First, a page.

Someone on the Philadelphia Parking Authority board wants out of the city

A bill, expected to go for a vote this afternoon in the state House, would free up restrictions on PPA board members’ residence.

Christine592/Flickr, Facebook

Update 8:06 p.m.: The state House passed this bill this evening, 127-68.

Original story:

A new bill in Harrisburg would change the residency requirements of the Philadelphia Parking Authority board, and a source tells Billy Penn it’s because one board member wants to move.

The measure, which comes up for a vote in the state House of Representatives in the coming days, changes the PPA’s current rules. Right now, everyone on the board must live in the city. But the bill stipulates that only a majority must reside in city limits; some members can reside outside.

Current residency rules work like this: All city electeds are required to live within Philadelphia. Every member of the PPA board must, too. Not all teachers, cops and firefighters are required to be here. Appointed city employees have to live here, unless they have a residence waiver, which is normally given for a set time span, according to the city’s Office of Human Resources.

It’s mandated for the PPA board to have six seats, so the language in the new bill would allow for two members to commute from wherever they please.

Why should this exception be law? We asked Rep. Scott Petri; the New Hope-based Republican who’s sponsoring the bill.

“The parking authority regulates those that live, work and reside in Philadelphia, but also those that enter into Philadelphia, including going to the airport,” says Petri.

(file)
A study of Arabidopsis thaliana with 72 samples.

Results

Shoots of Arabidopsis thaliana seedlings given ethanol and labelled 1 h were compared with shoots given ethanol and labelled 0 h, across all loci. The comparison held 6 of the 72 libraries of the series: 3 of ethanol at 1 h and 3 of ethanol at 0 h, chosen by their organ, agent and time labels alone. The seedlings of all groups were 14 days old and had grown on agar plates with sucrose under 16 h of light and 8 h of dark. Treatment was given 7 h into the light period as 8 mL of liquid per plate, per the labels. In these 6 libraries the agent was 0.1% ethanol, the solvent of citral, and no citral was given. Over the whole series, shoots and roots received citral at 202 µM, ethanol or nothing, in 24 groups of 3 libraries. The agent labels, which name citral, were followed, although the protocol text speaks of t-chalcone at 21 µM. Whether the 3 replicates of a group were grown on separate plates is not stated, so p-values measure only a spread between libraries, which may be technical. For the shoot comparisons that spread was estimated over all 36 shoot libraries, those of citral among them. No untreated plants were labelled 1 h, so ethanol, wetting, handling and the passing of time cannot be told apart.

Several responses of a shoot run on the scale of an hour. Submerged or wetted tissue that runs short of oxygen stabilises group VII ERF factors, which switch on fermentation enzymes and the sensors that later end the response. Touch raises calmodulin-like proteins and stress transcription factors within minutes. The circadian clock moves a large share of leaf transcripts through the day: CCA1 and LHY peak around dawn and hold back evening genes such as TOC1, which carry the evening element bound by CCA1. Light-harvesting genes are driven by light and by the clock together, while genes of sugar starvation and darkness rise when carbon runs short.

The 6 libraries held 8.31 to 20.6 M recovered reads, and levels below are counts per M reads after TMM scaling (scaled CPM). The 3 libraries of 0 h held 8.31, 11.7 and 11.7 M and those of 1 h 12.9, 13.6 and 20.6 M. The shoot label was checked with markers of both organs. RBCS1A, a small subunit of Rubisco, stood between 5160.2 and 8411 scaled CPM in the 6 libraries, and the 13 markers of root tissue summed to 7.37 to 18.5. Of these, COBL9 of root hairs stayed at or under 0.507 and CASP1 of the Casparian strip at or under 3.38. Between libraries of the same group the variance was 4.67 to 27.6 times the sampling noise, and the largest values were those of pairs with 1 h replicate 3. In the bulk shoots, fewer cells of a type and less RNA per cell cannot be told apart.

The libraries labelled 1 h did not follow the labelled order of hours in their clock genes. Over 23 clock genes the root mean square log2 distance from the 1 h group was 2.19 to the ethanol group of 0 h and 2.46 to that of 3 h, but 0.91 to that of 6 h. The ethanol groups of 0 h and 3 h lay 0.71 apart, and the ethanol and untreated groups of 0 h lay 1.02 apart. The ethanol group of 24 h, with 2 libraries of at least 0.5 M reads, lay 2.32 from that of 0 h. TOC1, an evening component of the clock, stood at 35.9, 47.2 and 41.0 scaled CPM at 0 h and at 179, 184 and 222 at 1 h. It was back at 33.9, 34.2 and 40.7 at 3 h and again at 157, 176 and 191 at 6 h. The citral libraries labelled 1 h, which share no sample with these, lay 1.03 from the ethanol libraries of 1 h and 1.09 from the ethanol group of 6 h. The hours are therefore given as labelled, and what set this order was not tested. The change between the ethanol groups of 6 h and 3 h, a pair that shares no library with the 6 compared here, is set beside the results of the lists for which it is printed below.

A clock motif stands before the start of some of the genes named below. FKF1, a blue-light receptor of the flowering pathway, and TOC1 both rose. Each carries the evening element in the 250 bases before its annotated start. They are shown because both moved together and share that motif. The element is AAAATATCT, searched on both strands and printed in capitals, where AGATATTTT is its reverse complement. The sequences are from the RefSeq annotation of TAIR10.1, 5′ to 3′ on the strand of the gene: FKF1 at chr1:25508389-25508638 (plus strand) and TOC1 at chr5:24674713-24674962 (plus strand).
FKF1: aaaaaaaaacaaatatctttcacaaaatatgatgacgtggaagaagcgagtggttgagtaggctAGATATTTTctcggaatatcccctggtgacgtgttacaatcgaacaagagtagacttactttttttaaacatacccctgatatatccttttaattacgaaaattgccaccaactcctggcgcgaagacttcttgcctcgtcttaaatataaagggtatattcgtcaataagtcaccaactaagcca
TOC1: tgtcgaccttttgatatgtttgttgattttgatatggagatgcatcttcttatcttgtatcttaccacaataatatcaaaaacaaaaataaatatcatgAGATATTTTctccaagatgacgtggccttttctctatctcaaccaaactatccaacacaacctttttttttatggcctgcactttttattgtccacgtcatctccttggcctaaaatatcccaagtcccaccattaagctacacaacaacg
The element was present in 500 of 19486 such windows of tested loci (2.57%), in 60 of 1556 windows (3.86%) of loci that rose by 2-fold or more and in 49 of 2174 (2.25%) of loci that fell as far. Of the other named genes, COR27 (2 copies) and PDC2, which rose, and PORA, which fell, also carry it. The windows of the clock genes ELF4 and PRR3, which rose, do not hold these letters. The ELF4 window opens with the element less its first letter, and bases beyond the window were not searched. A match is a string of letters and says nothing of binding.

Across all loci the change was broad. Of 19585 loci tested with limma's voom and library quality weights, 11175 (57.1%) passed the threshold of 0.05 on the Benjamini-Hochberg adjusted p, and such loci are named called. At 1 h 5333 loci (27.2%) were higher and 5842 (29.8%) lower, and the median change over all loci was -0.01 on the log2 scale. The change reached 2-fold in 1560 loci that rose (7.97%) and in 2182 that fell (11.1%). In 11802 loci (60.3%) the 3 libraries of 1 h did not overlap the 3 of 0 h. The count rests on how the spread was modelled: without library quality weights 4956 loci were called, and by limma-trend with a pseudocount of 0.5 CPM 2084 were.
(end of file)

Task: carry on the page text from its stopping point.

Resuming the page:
Petri noted that his Bucks County constituents often use the Philadelphia International Airport, which is under the PPA’s jurisdiction but outside city limits. So it’s only fair that someone on the PPA board could come from outside the city, too.

So who could move? Multiple members of the current board would be eligible to bounce and pick an exurb to make their own. The current board is chaired by painters’ union (District Council 21) head Joseph Ashdale. And interestingly, DC 21 has donated to Petri’s campaign. Joining Ashdale on the PPA’s board are trial lawyer Andrew Stutzman, Holy Redeemer Health System Senior Vice Prez Russell Wagner, and optometrist Karen Wrigley. Rounding out the board are two people hold public office in Philly: City Commissioner Al Schmidt, City Councilman Al Taubenberger (which means they’re not moving). They are all Republicans— members are governor-appointed and serve 10-year terms, and Gov. Tom Wolf won’t get to make a pick this term.

When asked why the bill’s language doesn’t stipulate county representation or residence in the Delaware Valley, Petri told us the pending bill, “matches every other parking authority… What we tried to do was make everybody across the state similar.”

The bill doesn’t actually match statutes that apply elsewhere. In Pittsburgh, for instance, Mayor Bill Peduto can appoint that city’s board for a term that doesn’t surpass five years. Other authorities’ rules more closely reflect the metropolitan composition that Petri describes as ideal, as they allow officials like township commissioners to have a say in the board’s makeup.